AMSTERDAM — Toyota has bold growth plans in Europe, fueled by new models including a small SUV.
The automaker aims to increase sales of its Toyota and Lexus brands by 30 percent to 1.4 million by 2025 in its European region, which includes Russia and Turkey.
Last year, sales of the Toyota and Lexus cars were 1.09 million, giving the group a market share of 5.3 percent.
The company forecasts its share will grow to 6.5 percent as part of its five-year plan called “ACE2000.”
The plan includes the launch of 40 new or updated electrified vehicles, including plug-in hybrids and full-electric vehicles, Toyota says.
Much of the growth will be from sales of the new small SUV that will debut at the Geneva auto show in March. Sales will start 12 months later.
The SUV will be positioned below the C-HR and will join a booming segment, competing against models such as the Volkswagen T-Cross, Peugeot 2008 and Renault Captur.
The vehicle will be built alongside the new-generation Yaris small hatchback at Toyota’s plant in Valenciennes, France.
It will share its hybrid drivetrain with the Yaris. Toyota did not say whether the SUV will also offer internal combustion engines.
“The fact that that its locally built indicates that it will be high volume,” said Toyota Europe’s sales and marketing boss, Matt Harrison.
The automaker expects to sell more than 100,000 units of the SUV a year, Harrison told Automotive News Europe on the sidelines of a Toyota press event here.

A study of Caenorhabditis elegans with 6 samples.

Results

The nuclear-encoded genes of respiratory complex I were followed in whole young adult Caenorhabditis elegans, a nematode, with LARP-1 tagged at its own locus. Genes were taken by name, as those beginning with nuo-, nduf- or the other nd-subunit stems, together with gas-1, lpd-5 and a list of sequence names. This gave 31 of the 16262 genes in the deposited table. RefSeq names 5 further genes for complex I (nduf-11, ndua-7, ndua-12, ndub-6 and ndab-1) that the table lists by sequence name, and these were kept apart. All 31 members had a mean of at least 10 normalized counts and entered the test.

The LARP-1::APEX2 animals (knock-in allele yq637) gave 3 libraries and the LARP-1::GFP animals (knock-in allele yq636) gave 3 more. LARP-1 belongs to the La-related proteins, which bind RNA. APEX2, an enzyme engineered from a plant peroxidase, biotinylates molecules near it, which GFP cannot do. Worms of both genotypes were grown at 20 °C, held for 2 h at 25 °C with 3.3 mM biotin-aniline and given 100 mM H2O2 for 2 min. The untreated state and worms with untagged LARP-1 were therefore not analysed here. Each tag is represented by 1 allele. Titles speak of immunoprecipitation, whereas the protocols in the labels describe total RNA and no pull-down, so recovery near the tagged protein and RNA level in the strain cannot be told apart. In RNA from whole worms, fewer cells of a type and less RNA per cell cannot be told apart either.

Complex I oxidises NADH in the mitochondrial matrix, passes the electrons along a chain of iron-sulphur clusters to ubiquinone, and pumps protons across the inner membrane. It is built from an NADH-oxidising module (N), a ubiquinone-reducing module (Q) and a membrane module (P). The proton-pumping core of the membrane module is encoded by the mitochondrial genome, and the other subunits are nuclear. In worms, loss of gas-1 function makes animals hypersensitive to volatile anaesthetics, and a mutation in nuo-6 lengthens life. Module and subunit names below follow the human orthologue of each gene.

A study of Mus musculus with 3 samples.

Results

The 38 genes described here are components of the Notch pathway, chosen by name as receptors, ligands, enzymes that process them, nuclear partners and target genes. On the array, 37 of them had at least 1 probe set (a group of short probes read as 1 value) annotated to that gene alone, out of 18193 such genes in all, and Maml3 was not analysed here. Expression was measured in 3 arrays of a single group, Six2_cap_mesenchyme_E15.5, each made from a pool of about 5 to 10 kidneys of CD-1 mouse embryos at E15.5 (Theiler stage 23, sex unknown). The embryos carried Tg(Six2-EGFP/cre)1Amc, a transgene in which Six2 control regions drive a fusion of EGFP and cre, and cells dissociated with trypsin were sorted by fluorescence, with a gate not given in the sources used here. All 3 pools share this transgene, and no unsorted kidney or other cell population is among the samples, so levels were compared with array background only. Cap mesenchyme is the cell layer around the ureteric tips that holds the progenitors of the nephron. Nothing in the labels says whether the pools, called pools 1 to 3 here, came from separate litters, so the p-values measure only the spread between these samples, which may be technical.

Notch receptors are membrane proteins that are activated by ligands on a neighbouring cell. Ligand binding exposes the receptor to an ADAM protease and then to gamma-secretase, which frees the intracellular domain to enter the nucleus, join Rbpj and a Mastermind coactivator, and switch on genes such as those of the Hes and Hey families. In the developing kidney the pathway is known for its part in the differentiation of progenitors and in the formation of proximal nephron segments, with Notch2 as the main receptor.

Half of Toyota’s project growth in Europe will come from sales of the small SUV, the new RAV4 plug-in hybrid and the recently announced Proace City compact van, Harrison said. The Proace is built by PSA Group and is similar to the Peugeot Partner and Opel Combo.
Toyota is not chasing a bigger market share at the expense of profits, according to its European chief, Johan van Zyl.
The automaker is not a “volume chaser,”van Zyl told Automotive News Europe in an interview in November.
A higher market share will “optimize the business model to make sure that we have full utilization of resource capacities” and increased economies of scale, he said.
Toyota expects its 2019 profit in Europe to be higher than its earnings nearly 1 billion euros ($1.1 billion) in the region in 2018, van Zyl said.
The European division had a profit margin of 4.2 percent in the first half of 2019.
Sales of Toyota and Lexus vehicles increased sales 4.8 percent to 797,397 last year in the EU and EFTA for a market share of 5.0 percent, according to data from industry association ACEA.
In Russia, Toyota and Lexus’s combined sales fell 5.1 percent to 125,992 for a 7.2 percent market share.
Toyota predicts that 70 percent of its European sales will be hybrid cars by 2025, up from 52 percent now. Plug-in hybrids will account for 10 percent, and zero-emission vehicles including battery-powered and fuel cell cars for another 10 percent, the automaker predicts.
Toyota plans to offer pure combustion engine vehicles only in sports cars, off-road vehicles and commercial vehicles.
The plug-in hybrid version of the RAV4 SUV will launch in the second half with an electric-only range of 65 km (40 miles) and a CO2 emissions figure of 29 grams per km as measured on the WLTP cycle, Toyota said.
The automaker says it will launch at least one plug-in hybrid car a year between now and 2025.
Lexus EV boost
Lexus is launching the UX 300e electric SUV, the group’s first full-electric car in selected markets in Europe this year.
The compact SUV has a target range of 300 km (186 miles) in the WLTP cycle.
The UX with an internal combustion engine helped Lexus to achieve as sales record in Europe last year. The brand’s sales increased 14 percent to 87,206 vehicles in EU and EFTA, according to figures from Lexus.
Harrison said he expected Lexus sales to grow by another 40,000 to 50,000 cars a year by 2025 and help Toyota achieve its 1.4 million target.